It’s decision time on defense for the Hurricanes, and it won’t be an easy one -- for them, anyway. For anyone who has watched this team this season, the choice is simple.
Joni Pitkanen, who has been out for two weeks with a lower-body injury, is close to returning, perhaps as soon as tomorrow’s game at the Ottawa Senators. When he does, someone is going to have to come out of the lineup.
Will it be the little-used Derek Joslin, who has only played in five games this season?
Or will it be the astronomically compensated Tomas Kaberle, who has only generated five points this season?
If this were strictly a hockey decision, there’d be no debate at all. Kaberle, who signed a three-year, $12.75 million free-agent deal in the offseason, has been a train wreck. In Friday night’s 3-1 loss to the Winnipeg Jets, he accounted for a two-goal swing entirely on his own: Outfought at one end by Andrew Ladd for a rebound in the crease, fluffing an open net at the other with less than two minutes left in a one-goal game.
On the season, he’s minus-10 with no goals and five assists, not exactly the kind of production the Canes were expecting from the veteran defenseman. And the poise he was supposed to bring to Carolina’s power play? Kaberle has three power-play assists on a man-advantage unit that is converting at an NHL-next-to-worst 12.2 percent.
For purposes of comparison, 24 games into his short-lived Carolina career, the comparably disappointing and overpaid Sandis Ozolinsh at least had 14 points (and was plus-1). When you can’t clear that bar, something is seriously wrong.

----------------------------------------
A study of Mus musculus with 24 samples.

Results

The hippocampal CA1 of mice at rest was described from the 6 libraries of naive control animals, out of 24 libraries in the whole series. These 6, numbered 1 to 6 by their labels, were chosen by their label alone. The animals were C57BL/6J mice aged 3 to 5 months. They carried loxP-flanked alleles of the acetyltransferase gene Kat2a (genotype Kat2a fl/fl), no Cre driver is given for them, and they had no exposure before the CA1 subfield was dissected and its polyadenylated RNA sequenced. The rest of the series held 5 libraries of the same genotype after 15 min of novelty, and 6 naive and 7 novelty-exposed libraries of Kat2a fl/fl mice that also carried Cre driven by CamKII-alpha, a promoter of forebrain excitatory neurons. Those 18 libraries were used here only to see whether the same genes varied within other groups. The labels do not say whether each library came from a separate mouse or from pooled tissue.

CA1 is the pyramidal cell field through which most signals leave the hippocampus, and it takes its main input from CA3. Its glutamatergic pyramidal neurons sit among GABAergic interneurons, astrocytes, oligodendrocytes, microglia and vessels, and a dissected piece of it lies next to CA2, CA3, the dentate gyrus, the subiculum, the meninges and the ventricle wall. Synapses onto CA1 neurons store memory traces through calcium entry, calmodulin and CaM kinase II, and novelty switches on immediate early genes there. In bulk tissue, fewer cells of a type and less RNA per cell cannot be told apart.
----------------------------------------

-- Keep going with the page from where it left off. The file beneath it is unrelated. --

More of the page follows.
In other words, he’s delivering zero bang for beaucoup bucks.
But those beaucoup bucks mean this isn’t strictly a hockey decision, even if it should be. Admitting he made a mistake giving a three-year deal to a 33-year-old defenseman whose best days are apparently behind him is not the kind of thing Jim Rutherford is wont to do. There’s also the bizarre loyalty Paul Maurice seems to have for anyone who played for him on the Toronto Maple Leafs.
By anyone’s objective measurement, Kaberle has been Carolina’s seventh defenseman at best. When Pitkanen and Harrison are both healthy, there’s no way Kaberle should play over either (or Justin Faulk, or Tim Gleason, or Jamie McBain, or Bryan Allen). It’s an open debate whether he’s doing anything right now Joslin can’t do better at a sixth of the price.
So the question tonight -- or whenever Pitkanen is ready to return -- comes down to pride. Are the Hurricanes willing to sit him in the press box, where his play would dictate, and admit their $12.75 million investment has been, so far at least, a bust? Or will their emotional and financial investment in him trump hockey logic?